When I was younger, my English/Creative Writing teachers talked a lot about symbolism in literature. At the time, I thought it sounded like a load of pretentious crap; I swore to myself that I would always be a down to earth storyteller who stayed away from such ostentatious trappings. To paraphrase an Internet meme passed among authors, my curtains would be blue because that’s what color they were… not to illustrate my character’s underlying depression.
Now that I’m older and --hopefully-- wiser, I think I understand the role of literary symbolism a little more clearly. No one disputes the subconscious messages conveyed to us through our nightly dreams. It’s a stereotypical staple of psychoanalysis and hundreds of books have been written to help us understand what the hidden parts of our minds are trying to communicate. Think about it: how many times have you shared the details of a particularly odd or vivid dream only to have the person immediately ask, “So, what do you think it means?”
The reason I mention this is because we, as authors, are basically dreaming in text. When we’re really on a roll, we don’t have to stop and consider what word, phrase, or sentence comes next; it simply flows from our fingertips to the keyboard and appears on our screens as if by magic. In these instances, we’re giving our imaginations and subconscious free reign in the waking world. So it seems only natural the same type of symbolic imagery that peppers our dream worlds would carry over into our written ones.
This was really driven home when I wrote my second novel, Cry Havoc. I decided to challenge myself a bit with that one and see if I could write a 40,000 word rough draft within a consecutive 24 hour period. When I began this formidable task, all I knew about the story was I wanted the book to start with a city embroiled in urban warfare. I had no idea whom the characters were, what the plot would be, or where this scene of street fighting would lead, but trusted these details would reveal themselves as I wrote.
When I was editing the initial draft, things began to jump out at me. I noticed a reoccurrence of the color yellow within the pages and realized that as long as that color was associated with a character they were safe; but the moment yellow was removed from the situation, things rapidly devolved into brutality and violence. In my early 20s, I’d worked in a chemical plant and after having my finger crushed by machinery was assigned “light duty”, which involved painting scaffolding and ladder cages; the color of paint I used was called Safety Yellow.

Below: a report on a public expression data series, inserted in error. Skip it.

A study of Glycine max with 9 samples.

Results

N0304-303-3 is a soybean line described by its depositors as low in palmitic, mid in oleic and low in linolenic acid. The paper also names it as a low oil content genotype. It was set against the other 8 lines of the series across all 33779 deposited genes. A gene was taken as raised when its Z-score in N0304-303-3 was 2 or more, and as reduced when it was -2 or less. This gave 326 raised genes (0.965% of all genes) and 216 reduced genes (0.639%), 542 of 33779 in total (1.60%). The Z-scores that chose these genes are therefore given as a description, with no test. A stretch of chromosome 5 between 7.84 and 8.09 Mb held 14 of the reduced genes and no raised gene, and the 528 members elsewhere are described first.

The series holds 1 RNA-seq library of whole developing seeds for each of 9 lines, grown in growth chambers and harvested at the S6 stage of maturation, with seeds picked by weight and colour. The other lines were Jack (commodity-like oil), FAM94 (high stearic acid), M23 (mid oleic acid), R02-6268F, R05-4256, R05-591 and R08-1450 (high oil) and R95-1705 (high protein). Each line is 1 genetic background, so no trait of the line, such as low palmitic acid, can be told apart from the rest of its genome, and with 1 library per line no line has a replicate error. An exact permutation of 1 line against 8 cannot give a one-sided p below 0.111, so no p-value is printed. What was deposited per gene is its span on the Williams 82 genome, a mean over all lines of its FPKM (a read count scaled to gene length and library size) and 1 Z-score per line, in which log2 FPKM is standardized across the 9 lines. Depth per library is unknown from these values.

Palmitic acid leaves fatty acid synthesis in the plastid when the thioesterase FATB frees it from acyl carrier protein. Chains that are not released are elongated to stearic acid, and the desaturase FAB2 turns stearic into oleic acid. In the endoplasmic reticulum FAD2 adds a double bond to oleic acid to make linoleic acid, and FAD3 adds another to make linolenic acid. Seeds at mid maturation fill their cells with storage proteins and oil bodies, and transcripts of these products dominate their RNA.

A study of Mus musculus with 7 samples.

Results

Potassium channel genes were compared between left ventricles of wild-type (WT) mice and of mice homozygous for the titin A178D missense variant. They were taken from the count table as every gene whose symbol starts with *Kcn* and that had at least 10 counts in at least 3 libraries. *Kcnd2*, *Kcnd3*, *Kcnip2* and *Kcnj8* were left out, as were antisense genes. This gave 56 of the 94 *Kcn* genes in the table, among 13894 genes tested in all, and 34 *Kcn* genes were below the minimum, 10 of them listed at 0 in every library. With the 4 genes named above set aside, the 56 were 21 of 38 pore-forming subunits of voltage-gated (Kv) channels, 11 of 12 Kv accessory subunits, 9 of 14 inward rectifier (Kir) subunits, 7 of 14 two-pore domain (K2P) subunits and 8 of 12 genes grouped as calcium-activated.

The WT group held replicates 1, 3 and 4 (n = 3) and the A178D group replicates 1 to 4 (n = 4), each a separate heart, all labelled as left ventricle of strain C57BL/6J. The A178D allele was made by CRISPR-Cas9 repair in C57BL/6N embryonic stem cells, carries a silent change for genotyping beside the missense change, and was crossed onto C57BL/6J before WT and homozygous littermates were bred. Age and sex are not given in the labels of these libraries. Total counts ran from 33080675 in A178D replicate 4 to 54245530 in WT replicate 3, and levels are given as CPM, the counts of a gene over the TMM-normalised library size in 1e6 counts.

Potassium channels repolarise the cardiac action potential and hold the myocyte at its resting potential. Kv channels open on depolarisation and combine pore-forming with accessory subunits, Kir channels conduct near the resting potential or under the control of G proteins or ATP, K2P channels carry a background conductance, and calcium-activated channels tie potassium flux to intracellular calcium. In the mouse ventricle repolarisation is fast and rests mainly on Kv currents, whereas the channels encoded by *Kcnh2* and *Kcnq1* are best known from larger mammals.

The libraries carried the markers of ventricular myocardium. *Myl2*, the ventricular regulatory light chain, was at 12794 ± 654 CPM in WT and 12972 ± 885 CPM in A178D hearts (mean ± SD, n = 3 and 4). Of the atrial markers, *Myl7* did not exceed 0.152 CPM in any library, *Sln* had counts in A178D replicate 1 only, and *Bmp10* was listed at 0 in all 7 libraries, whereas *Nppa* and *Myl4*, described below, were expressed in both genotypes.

In another scene in the book, one of my main characters, Richard, had just returned to his apartment after a particularly harrowing experience. To be specific, he’d just killed an old man and looted his box of rations and supplies, despite the fact that Richard had been a very civilized and sophisticated man his entire life. An argument ensued with his roommates and Richard ended up slamming the boxes down upon a coffee table shaped like the Chinese Yin-Yang symbol, shattering the table in the process. Yin-Yang is a symbol of balance between dark and light and once that table broke, things were never the same for Richard again.
Even though I hadn’t intentionally added symbolism to my work, it still asserted itself and what my teachers and professors had been talking about finally clicked into place. Symbolism isn’t a show of pretension … it’s simply the way our brains are wired. So keep dreaming in text, authors, and trust that your subconscious will lead the way.
You can find out more about William Todd Rose at his blog Six Demon Bag.